March 27, 2013

While most small businesses do little research to know buyers, national firms continue to track you even more. Case in point: Nielsen, the TV rating firm, is now tracking everything you buy — adding data from what an executive said is “virtually all” credit, check, billpay and debit card purchases.

As reported in Advertising Age, Nielsen is sharing all that data with its clients. This data doesn’t include item-level data — for example they don’t know what you bought at Victoria’s Secret yesterday or the movie you saw last weekend — just your name, dollar amounts and times of the transactions. That is still a bit scary.

But it certainly opens up a world of targeting possibilities. CBS Chief Research Officer David Poltrack used the Nielsen Buyer Insights data to expand his belief that demographics are increasingly useless and that the purchase habits of audiences should carry more weight.

That’s called psychographics (Chapter 9 in my book) and I’ve been telling people to focus on lifestyle decisions over age and income (demographics) for years. The CBS series “Elementary” has a low 2.9 Nielsen rating in the age 18-49 demo but a high 7.3 psychographic  rating among heavy movie spenders, Poltrack said at a recent conference.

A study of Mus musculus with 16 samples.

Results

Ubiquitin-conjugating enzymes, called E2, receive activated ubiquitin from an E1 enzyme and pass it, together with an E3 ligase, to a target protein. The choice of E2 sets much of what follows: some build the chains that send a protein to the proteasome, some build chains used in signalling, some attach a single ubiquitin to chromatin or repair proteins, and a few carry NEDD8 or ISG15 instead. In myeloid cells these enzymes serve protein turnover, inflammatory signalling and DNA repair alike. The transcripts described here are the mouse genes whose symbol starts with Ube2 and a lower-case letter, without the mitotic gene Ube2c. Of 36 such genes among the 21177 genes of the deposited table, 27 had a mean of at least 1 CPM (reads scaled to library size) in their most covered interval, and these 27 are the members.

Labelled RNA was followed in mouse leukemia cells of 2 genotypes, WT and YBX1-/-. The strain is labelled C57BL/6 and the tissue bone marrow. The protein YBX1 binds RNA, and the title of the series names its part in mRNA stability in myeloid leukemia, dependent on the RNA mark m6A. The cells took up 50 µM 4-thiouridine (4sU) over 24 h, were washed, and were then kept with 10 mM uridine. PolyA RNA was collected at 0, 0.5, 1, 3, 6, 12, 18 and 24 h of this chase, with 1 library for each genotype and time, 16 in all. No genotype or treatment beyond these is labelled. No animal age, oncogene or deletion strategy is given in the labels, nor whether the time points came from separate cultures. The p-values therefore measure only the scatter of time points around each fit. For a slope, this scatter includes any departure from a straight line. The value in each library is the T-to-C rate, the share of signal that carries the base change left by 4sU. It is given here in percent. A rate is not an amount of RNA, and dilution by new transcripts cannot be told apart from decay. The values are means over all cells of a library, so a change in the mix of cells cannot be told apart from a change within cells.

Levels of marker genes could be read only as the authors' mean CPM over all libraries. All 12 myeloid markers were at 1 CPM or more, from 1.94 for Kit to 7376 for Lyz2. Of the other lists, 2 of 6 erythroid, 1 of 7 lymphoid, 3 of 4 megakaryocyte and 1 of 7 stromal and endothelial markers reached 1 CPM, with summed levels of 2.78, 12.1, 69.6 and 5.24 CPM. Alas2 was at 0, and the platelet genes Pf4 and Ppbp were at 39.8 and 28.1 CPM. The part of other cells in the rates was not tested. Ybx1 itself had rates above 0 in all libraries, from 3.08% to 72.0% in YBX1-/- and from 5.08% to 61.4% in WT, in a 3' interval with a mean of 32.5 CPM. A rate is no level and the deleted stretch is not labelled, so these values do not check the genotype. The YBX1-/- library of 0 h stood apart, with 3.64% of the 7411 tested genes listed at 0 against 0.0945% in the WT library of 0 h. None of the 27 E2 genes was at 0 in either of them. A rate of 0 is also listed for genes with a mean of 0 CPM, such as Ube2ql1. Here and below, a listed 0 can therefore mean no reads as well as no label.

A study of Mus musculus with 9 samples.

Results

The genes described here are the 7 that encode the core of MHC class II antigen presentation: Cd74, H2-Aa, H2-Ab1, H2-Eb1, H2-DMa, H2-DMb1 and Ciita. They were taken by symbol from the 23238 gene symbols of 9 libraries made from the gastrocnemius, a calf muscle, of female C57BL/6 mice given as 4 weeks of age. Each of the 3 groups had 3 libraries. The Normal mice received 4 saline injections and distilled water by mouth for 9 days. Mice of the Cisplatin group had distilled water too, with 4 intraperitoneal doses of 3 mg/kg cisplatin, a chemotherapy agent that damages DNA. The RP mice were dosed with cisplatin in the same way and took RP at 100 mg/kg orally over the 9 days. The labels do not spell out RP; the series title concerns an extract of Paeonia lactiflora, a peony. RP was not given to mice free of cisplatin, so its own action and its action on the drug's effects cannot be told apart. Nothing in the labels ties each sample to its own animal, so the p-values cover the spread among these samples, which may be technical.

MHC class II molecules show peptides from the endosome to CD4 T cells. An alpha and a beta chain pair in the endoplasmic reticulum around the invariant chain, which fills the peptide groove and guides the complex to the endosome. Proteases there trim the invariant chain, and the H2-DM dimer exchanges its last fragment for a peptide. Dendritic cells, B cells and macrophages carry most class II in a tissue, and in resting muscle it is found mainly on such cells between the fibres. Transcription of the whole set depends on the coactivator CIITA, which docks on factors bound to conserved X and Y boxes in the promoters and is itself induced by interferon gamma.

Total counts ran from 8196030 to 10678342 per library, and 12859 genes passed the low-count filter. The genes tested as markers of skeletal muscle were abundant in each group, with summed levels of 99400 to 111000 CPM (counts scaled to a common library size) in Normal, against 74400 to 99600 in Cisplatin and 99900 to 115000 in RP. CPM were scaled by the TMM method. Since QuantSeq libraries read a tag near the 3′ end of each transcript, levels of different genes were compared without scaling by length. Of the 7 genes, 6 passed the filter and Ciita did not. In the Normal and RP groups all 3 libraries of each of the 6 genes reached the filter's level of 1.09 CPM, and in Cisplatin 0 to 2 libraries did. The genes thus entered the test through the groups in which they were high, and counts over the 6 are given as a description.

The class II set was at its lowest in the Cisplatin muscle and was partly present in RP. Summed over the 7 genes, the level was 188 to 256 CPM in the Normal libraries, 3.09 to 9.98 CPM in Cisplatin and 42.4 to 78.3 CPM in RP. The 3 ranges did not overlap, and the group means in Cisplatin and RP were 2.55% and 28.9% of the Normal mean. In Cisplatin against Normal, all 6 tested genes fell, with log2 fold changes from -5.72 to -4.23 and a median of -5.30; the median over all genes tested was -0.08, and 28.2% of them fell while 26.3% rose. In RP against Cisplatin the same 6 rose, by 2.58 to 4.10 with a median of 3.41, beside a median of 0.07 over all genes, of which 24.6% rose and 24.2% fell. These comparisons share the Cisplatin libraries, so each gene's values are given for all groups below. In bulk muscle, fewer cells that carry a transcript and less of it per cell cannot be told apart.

Is it time to change from demographic to psychographic ratings? Mr. Poltrack said he already sees demo targets losing relevance. That’s because the prized 18-49 demo group will fall to 54% of the audience this upcoming TV season, continuing a long-term decline. Purchased-based program ratings might be the only way broadcast TV can maintain ad rates, since TV viewing is dramatically moving to online.

But back to the scary part. It’s not going to be long before someone says, enough is enough. Stop tracking us.